Aggression, addiction, very little musical talent and safety pins through the ears were a few of the hallmarks of the ‘70s punk genre, and one of England’s early punk front men was Billy Idol. He was destined for more than the usual poverty of punk life, though, and went on to play with the more mainstream Generation X. Then he made the best move of his life when he went to New York to actually start making money with a solo record deal. Many in the punk community decried him as a poseur, but his ‘80s MTV videos made him a star, a one-of-a-kind singer who crooned and snarled with punk energy, but whose songs were strategically driven by heavy guitars and high danceability, just when the music industry was ushering in the new digital sound quality of the compact disc.
Videos by American Songwriter
Idol’s single “Eyes Without a Face,” from his second album Rebel Yell, was his first Top Ten hit in the US and was his breakthrough solo single back home in the UK. A melodic ballad that opened with synth strings and percussion handclaps before evolving into a hard-edged rocker, “Eyes Without a Face” became known for its female chorus lyrics, which a lot of people couldn’t understand, like it was in a foreign language.
Well, it was. The reason the chorus didn’t make sense to some people was because the female section was sung in French. Idol’s then-girlfriend sang the French words of the song’s title, Les yeux sans visage, followed by Idol singing Eyes without a face, both repeating three times in each of the three choruses. In his no-holds-barred book Dancing With Myself, Idol talked about where the French lyrics came from and the impact the song had on his career.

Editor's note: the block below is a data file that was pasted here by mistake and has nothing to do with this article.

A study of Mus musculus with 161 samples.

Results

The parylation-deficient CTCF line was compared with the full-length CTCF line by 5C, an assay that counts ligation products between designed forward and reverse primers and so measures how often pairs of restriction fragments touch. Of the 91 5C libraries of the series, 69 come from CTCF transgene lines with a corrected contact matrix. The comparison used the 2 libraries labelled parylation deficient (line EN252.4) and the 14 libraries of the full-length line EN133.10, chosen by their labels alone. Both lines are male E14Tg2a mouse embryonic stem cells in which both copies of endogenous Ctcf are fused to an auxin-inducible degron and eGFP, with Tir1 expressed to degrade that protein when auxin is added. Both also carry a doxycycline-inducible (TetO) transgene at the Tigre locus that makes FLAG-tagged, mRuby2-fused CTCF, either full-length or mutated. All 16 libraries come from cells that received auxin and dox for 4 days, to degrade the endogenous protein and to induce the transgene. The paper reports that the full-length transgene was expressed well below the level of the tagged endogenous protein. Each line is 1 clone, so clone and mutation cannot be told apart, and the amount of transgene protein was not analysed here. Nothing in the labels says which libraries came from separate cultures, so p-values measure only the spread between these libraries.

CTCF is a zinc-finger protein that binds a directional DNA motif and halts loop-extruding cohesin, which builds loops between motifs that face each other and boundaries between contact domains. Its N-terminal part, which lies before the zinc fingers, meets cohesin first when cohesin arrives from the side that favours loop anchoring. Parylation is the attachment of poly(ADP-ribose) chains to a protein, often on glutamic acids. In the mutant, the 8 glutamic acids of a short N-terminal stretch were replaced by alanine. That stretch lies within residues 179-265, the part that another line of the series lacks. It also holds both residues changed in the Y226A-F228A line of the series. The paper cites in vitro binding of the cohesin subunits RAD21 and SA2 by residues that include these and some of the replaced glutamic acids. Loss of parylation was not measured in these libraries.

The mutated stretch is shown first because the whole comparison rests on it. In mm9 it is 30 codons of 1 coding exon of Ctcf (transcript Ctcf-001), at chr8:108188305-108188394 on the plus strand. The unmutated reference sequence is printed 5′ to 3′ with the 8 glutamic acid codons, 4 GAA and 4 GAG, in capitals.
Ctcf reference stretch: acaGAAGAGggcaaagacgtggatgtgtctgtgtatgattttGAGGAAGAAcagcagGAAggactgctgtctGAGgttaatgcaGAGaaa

“I’ve always had a fascination with the titles of horror films … I was particularly intrigued by the ‘60s French nouvelle vague forerunner Les Yeux Sans Visage (Eyes Without a Face), about a brilliant plastic surgeon who vows to restore the face of his daughter, who has been horribly disfigured in a car accident. This vow leads him to murder, as he sets out collecting the facial features of his victims, which he then grafts onto his daughter’s hideous countenance, attempting to restore her beauty. Her staring eyes remain the only thing visible.”
“When I got to the studio [to work on Rebel Yell], I told [guitarist/co-writer] Steve Stevens about the tune I had in my head, though I didn’t have any chords. He showed me a revolving four-chord pattern he’d been working on that fit really well over the top of the tune [Emaj7-C#m-G#m-B].”
“Steve came up with a blistering guitar riff for the middle of the song that added a whole other dimension, rendering it more than just a ballad. I improvised a rapping part to go over the top. Rap was everywhere in New York at the time, in all the discos and clubs, so it made sense after my croon to start talking streetwise over Steve’s supersonic barrage of sound.”
“When the ‘Eyes Without a Face’ video debuted in June of 1984, it went to number one on MTV for six weeks. Add to that the over-the-top radio play for this twisted ballad, which was always paired with the Cars’ ‘Drive’ on the NY drive-time station, and we climbed into the Top Ten singles chart at Billboard.”
This song was really a perfect storm with a melody based on a very non-hard rock chord in the Emaj7, and Idol’s unique voice singing such melodic verses. Combine that with Stevens’ smoking guitar work and a killer bass part, and it’s a song that has stood the test of time. Idol and Stevens still perform the song live, most recently playing it nightly at Idol’s pre-coronavirus residency at the Palms Casino in Las Vegas.